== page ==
Trump Tells Christian Leaders A GOP Midterm Loss Could Literally Result In "Violence" — REPORT


"This November 6 election is very much a referendum on not only me, it's a referendum on your religion, it's a referendum on free speech and the First Amendment. It's a referendum on so much," Trump said, according to CNN, citing a recording the outlet obtained from people who were in the room.

"It's not a question of like or dislike, it's a question that they will overturn everything that we've done and they will do it quickly and violently. And violently. There is violence. When you look at Antifa — these are violent people," said Trump, predicting what he believes will come if people don't vote for GOP candidates. "You have tremendous power. You were saying, in this room, you have people who preach to almost 200 million people. Depending on which Sunday we're talking about."

Antifa, the group that Trump reportedly referred to, is a far-left anti-fascist group that takes on self-described neo-Nazis and white supremacists when they rally in the public square. The president and some Republican figures often try to link Democrats to this group, The Hill reported.

Trump also said to evangelical leaders that there is an "unbelievable" level of "hatred" and anger "for you and for me and for my family," citing his achievements for the Christian community as a partial reason for the bad blood, according to recorded excerpts obtained by NBC News.

Separately, according to NBC News, the law that Trump says he got rid of is the Johnson Amendment, which says churches and charities are absolutely not allowed to have any involvement in any political campaign. The thing is, Trump could not have struck it down — it's not within presidential power to repeal a law.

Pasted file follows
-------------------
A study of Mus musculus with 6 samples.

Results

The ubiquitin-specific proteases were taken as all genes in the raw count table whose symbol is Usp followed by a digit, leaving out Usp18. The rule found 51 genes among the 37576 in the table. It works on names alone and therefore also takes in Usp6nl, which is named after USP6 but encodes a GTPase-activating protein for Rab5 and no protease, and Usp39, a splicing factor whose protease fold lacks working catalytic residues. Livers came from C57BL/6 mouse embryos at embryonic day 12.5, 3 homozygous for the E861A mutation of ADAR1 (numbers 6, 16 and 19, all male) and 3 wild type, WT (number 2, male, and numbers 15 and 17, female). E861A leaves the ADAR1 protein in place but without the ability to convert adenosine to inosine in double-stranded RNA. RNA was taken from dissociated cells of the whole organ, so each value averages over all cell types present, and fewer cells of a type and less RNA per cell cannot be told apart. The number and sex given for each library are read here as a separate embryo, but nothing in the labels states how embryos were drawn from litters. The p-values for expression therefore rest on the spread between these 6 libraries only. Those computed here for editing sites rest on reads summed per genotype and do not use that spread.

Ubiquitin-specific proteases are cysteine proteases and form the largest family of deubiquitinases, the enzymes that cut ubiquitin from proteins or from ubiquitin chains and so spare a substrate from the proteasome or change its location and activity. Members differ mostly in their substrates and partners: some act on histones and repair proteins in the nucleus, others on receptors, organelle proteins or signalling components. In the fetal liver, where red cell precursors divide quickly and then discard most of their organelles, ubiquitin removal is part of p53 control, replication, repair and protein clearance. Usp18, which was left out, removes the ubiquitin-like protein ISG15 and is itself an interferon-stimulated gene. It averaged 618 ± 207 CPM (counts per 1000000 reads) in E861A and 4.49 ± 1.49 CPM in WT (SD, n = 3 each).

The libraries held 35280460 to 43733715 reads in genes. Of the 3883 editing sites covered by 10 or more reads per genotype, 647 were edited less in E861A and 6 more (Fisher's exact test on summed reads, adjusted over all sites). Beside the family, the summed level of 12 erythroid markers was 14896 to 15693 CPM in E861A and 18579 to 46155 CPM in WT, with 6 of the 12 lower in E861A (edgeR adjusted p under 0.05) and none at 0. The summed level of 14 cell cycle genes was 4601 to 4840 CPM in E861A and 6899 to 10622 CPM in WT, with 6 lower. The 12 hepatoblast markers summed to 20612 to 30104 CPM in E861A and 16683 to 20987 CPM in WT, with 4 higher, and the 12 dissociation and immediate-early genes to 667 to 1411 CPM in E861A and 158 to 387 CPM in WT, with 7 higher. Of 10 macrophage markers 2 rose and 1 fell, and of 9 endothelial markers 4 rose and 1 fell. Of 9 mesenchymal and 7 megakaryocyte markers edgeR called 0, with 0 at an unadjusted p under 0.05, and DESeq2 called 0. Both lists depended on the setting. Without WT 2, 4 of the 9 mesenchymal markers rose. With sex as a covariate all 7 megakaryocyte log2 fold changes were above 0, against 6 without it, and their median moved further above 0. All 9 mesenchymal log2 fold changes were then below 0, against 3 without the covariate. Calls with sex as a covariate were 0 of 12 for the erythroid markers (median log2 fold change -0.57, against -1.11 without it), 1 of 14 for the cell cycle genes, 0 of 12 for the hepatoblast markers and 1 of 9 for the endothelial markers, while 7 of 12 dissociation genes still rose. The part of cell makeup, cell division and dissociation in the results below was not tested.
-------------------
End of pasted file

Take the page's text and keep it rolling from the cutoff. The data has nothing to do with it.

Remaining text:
"Now you're not silenced anymore," said Trump. "It's gone and there's no penalty anymore and if you like somebody or if you don't like somebody you can go out and say, 'This man is going to be great for evangelicals, or for Christianity or for another religion. This person is somebody that I like and I'm going to talk about it on Sunday.'"

The White House on YouTube

The White House posted a YouTube video of Trump's remarks to the evangelical leaders on Monday. While the "violence" comment in question is not on the video, having apparently come after cameras were turned off, Trump does talk about his work for the Christian community, listing his administration's efforts on Title X funding, the embassy opening in Jerusalem and religious liberty initiatives.

"As you know in recent years, the government tried to undermine religious freedom. but the attacks on communities of faith are are over. We've ended it," Trump said. "Unlike some before us, we are protecting your religious liberty."